Mortgage bankers are instrumental in helping consumers with all aspects of mortgage services, including the application process. They also safeguard the interests of the bank by vetting qualified consumers before issuing mortgages. Ultimately, their goal is to find qualified borrowers, which are typically those who pose the least financial risk for the institution.
Mortgage bankers are similar to loan officers. They specialize in overseeing and offering financing for borrowers to refinance previous mortgages or to buy a new home. Loan officers are always on the hunt for qualified borrowers and some may therefore attend social gatherings where borrowers may be present, such as home-buying seminars and real estate meetings.
While banks work under strict federal regulation during the lending process, they also have some freedom in screening applicants. As an example, according to federal law, an individual’s marital status cannot factor into the loan making decision, but a loan officer is free to reject individuals who apply for a loan if those individuals have credit scores that don’t meet the financial institution’s score requirements.
As a result, mortgage bankers must be diligent in following regulations, careful with details, and possess significant customer service skills.
Mortgage bankers have a variety of responsibilities associated with loans. They play an active and crucial role in the verification process. Bankers must verify salary, employment status, credit history, and a variety of other financial factors before issuing a loan. This is done to keep risks low for the financial institution: applicants who meet these qualifications are considered to be more trustworthy than those who do not, providing greater confidence that they will repay their loans on time and in full.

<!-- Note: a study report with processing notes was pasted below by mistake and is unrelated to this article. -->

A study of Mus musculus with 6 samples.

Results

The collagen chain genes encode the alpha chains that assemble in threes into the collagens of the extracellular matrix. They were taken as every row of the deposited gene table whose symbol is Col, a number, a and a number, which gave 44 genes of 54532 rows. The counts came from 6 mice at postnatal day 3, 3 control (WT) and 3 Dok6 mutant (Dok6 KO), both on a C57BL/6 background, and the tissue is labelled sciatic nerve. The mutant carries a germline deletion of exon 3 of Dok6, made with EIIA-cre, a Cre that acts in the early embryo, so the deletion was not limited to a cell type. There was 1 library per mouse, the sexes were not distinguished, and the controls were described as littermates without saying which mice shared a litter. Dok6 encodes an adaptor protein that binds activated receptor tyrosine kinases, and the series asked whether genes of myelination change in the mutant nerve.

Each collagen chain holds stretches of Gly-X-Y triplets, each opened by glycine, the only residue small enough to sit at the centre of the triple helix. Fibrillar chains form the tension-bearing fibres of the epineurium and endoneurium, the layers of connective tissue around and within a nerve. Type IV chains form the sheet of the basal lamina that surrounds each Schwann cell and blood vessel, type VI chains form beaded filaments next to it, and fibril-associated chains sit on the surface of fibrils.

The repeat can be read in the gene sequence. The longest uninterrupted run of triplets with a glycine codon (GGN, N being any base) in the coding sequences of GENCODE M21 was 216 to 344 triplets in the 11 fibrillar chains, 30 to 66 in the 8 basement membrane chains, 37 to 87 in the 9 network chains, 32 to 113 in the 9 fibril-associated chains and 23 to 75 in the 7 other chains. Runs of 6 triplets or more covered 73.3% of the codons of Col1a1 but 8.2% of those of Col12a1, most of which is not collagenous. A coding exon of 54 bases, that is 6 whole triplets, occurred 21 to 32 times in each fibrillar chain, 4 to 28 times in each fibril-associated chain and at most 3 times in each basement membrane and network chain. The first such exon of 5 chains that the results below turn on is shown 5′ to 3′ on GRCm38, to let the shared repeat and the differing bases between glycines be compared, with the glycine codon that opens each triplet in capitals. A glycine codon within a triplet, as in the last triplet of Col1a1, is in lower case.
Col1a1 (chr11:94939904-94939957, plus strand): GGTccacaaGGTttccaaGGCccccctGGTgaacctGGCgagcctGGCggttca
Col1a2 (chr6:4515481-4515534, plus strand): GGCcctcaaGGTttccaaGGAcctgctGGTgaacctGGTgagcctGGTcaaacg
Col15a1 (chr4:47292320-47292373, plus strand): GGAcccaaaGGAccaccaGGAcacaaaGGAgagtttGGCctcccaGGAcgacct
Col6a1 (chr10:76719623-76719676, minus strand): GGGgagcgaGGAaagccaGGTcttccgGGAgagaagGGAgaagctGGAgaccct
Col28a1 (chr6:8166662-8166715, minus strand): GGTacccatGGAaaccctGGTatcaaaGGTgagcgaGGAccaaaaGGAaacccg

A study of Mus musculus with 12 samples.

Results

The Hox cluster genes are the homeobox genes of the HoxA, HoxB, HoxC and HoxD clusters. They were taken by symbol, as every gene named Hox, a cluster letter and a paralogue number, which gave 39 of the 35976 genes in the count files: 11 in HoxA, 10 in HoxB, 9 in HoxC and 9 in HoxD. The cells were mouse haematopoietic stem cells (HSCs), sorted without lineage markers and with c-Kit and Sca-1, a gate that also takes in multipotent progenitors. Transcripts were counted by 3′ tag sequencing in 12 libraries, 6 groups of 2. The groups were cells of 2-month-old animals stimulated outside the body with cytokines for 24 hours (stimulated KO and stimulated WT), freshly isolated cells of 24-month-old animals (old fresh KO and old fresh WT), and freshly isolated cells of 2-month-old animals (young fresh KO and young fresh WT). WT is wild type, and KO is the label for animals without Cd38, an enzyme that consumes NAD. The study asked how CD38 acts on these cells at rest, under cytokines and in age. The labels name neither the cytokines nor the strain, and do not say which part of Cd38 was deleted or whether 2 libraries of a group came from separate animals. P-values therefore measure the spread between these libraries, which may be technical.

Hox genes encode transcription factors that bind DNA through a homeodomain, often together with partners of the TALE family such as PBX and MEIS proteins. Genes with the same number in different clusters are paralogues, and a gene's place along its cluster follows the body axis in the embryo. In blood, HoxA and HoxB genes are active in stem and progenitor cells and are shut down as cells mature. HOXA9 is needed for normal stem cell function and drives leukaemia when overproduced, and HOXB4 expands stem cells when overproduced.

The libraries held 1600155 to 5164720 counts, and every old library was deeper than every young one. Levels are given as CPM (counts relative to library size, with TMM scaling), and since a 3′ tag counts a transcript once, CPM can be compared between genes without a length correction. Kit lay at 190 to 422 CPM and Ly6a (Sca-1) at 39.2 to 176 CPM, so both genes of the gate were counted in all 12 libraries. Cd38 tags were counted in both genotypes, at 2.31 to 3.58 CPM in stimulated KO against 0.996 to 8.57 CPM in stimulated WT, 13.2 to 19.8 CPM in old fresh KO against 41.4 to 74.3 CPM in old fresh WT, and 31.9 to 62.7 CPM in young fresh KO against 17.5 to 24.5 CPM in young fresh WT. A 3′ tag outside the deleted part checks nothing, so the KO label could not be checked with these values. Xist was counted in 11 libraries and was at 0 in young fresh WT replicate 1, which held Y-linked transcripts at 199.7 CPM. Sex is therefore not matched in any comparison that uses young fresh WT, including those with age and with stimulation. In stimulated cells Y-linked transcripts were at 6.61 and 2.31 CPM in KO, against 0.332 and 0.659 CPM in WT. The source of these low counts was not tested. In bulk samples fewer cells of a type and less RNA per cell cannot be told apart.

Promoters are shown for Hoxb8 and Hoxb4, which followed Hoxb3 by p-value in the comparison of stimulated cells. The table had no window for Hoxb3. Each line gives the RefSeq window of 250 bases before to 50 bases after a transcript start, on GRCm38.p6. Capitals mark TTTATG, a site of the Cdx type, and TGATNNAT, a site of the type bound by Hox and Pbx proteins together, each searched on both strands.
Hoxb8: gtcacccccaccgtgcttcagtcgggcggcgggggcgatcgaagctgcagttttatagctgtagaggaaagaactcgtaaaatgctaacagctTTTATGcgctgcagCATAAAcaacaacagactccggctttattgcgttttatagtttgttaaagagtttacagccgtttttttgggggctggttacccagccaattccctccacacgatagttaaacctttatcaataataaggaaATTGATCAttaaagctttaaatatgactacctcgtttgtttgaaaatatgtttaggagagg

Loan officers must also pay close attention to paperwork. They ensure that applicants correctly fill out all documentation and bankers field any questions that an applicant may pose during the loan process. Loan officers must also be capable of operating underwriting software, an industry standard in today’s digital age that yields far quicker results and greater efficiency than yesterday’s analogue approaches.
Good-Faith Estimates (GFEs) and Declined Applications
The federal Real Estate Settlement Procedures Act (RESPA) went into effect in 1974. It requires that loan officers produce a good-faith estimate (GFE) for applicants. These estimates provide a report of any and all fees that applicants may experience during the loan process, including appraisal fees and credit report fees.
Providing a GFE isn’t necessary for rejected applications. In the event that an application is declined, loan officers must explain why the rejection occurred in writing. There are a variety of reasons why an application may be declined: for example, an applicant may carry more debt than the financial institution allows, or a home may be appraised at a lower value than the applicant’s requested mortgage.
However, as mentioned before, federal restrictions play an important role: banks cannot, for example, reject an application due to concerns that an institution may have about the demographics of the area where a home is located.